Fact: Gartner is taking the same approach they often critique with their normally-solid “Hype Cycle” reports – arguing that “a little cloud hype” is beneficial if it “captures the imaginations of a broader audience of decision makers.”
Analysis: With their annual “Hype Cycle” reports, Gartner usually does a solid job of tracking over-optimistic assessments of the “latest and greatest” in technology and calling out overly hyped “hot new tech” and providing realistic assessments of the projected future of trends in software, hardware, and business processes.
Sometimes, Gartner slips up, and falls prey to the error they ascribe to others. That’s the only interpretation I can make on a curious blog posting on an official Gartner blog designed to promote their new book “Mastering the Hype Cycle: Choosing the Right Innovation at the Right Time.” Mark Raskino, the book’s co-author with longtime analyst Jackie Fenn, argues that “We have to simplify the business proposition behind this ‘big shift’, explain it well and socialize it deeply to convince non-tech business leaders to buy-in.”
Mr. Raskino makes clear that he wants to babytalk these business-side executives into believing “a little cloud hype” because, in his words, IT leaders and CIOs “need help explaining the fundamental change.”
I haven’t read the book; it may be a fine work with other (more valuable) insights. After all, it’s published by Harvard Business Press; here’s the Amazon page for it, you can read it and judge for yourself, as I likely will. But this blog posting is an official one on Gartner’s own site, promoting their book by their analysts, so the firm bears accountability for this curious approach.
In the blog posting, Mr. Raskino sums up his case on “hyping the buzz” about cloud computing as follows:
It’s too simplistic to say cloud hype is bad. If we are technically expert is might irritate us with its breadth and abstraction, but we are not the only audience. Somehow the idea has to cross the corridor into other business departments and that’s just as likely to be via a Business Week article or even (dare I say it?) an airline in-flight magazine. Whether we like it or not, repeatedly promoting a basic collective term through broader media has a long history of overcoming corporate resistance and inertia in ways IT departments can’t do alone. ‘The cloud’ is a BIG idea, its a reasonable visual metaphor and most of all its not an acronym. It may not be perfect, but if it captures the imaginations of a broader audience of decision makers we should cut it some slack.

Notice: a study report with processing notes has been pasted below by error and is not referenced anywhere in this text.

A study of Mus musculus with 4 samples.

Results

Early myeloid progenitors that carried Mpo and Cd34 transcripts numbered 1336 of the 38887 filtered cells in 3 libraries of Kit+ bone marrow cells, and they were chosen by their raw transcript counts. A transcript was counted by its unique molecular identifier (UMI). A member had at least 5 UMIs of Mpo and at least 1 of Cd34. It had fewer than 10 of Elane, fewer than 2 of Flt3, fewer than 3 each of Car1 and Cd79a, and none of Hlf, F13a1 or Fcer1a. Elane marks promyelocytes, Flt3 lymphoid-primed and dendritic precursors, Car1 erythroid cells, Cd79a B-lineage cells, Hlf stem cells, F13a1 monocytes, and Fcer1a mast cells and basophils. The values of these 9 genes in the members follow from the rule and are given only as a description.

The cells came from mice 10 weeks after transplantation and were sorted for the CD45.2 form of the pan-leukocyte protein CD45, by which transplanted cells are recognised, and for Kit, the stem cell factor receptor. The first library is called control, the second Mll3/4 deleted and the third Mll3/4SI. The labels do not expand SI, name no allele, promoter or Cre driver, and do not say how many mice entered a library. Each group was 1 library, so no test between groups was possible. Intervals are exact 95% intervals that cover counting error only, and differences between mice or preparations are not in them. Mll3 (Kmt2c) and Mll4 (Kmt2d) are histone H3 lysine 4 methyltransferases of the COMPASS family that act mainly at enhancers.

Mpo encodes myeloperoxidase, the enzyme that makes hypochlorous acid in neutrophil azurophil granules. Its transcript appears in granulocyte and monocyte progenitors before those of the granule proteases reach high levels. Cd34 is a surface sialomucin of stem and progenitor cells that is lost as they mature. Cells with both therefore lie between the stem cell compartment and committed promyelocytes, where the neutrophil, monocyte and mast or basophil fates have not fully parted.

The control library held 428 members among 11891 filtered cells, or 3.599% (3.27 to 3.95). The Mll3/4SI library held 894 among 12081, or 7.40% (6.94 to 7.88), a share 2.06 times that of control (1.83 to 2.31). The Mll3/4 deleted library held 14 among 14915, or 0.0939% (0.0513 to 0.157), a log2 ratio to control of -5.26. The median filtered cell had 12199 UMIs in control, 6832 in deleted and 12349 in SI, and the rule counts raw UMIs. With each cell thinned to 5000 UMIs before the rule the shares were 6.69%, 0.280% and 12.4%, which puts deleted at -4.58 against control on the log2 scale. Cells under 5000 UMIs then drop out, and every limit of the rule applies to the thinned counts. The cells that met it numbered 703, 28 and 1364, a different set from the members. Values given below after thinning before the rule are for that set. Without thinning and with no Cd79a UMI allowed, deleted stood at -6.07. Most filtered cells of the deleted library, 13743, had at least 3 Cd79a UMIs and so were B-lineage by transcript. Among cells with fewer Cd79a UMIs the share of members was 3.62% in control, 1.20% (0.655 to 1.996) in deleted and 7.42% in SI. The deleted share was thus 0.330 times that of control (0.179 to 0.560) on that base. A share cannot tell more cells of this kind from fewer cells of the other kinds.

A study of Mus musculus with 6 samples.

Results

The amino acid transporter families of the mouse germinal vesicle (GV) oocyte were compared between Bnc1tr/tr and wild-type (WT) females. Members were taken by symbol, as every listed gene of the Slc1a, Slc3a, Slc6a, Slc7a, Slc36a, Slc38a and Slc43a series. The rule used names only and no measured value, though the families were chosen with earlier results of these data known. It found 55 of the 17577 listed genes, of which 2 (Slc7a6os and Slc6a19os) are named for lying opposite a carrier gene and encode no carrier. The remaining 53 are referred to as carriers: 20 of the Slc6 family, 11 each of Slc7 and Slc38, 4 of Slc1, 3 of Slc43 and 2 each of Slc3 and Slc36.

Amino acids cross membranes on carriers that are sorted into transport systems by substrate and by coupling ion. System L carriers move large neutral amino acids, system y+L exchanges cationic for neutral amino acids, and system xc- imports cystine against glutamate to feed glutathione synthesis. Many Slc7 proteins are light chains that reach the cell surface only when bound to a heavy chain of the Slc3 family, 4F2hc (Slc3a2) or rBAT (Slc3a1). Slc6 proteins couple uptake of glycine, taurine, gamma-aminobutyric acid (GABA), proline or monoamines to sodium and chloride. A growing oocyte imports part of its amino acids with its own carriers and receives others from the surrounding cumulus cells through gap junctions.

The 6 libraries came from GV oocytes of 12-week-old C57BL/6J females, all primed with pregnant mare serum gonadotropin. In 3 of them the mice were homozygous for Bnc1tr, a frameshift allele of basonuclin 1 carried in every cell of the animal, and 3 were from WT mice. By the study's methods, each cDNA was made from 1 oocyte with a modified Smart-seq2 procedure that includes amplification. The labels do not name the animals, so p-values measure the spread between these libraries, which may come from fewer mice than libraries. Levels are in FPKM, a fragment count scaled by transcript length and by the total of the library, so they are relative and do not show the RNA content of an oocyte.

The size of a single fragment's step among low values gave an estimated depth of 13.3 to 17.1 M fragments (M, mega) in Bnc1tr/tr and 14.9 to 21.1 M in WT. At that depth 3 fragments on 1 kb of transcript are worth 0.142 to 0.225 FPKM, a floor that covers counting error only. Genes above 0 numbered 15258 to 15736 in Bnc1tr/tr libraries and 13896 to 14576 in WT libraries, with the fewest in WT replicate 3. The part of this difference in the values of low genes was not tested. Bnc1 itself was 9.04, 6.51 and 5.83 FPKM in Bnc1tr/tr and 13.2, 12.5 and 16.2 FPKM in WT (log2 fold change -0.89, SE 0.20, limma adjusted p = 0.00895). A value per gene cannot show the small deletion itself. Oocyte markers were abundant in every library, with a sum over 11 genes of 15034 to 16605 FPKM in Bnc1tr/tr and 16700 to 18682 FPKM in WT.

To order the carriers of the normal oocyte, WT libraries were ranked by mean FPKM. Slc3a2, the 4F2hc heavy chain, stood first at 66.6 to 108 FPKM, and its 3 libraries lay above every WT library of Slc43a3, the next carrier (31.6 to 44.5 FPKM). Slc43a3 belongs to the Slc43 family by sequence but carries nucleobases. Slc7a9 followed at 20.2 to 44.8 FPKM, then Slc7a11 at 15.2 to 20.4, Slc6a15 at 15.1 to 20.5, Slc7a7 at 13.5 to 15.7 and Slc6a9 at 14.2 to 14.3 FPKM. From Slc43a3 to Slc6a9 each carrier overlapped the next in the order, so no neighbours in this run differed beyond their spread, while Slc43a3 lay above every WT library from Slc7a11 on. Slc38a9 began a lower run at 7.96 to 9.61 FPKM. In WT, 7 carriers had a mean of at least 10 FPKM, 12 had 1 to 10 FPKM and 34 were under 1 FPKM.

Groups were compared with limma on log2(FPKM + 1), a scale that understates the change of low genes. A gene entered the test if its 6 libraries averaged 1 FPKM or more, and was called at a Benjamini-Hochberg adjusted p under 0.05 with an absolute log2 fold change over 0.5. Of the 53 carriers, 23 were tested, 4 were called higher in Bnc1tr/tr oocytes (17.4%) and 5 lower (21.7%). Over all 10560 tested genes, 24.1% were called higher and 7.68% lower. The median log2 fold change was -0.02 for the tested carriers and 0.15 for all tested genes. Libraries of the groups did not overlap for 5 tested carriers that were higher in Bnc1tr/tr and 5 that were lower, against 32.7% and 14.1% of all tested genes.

My opinion is that the technology of cloud services is developing at a blistering pace, and adoption rates are incrementally moving along at an appropriately lagged step behind the technology. Perhaps we need to clarify our definitions of words like “hype” and “buzz,” and more importantly distinguish between appropriate and inappropriate “technical education.”
Marketing the promise of cloud services is fine; intentionally “hyping” the technology is unnecessary and will be counterproductive. Why on earth does Mr. Raskino think technologies wind up going through a “trough of disillusionment” on Gartner’s own hype cycle? Is that now supposed to be a desirable thing?
Ah, got that off my chest. Feels better. Breathing deeply, calming down, taking the long view. In fact, taking the long view is something I advise to those (like Mr. Raskino) who are too focused on hyping technology’s advance, not building it. Here’s a suggestion: look back several years and read something you wrote about the future, and see what lessons you can learn from history and your attempt to predict it.
An enjoyable read along those lines is the legendary Charles Simonyi’s piece from this summer, “Programmers at Work: Follow Up.” Simonyi (of Xerox PARC, early Microsoft, and space tourism fame) reflects on an interview from two decades ago, with some fascinating observations about advances in programming languages and practices, software, education, aviation… it’s a thought-provoking read from an entertainingly complex fellow. (Maybe that’s what Martha Stewart saw in him for the 20 years they dated.)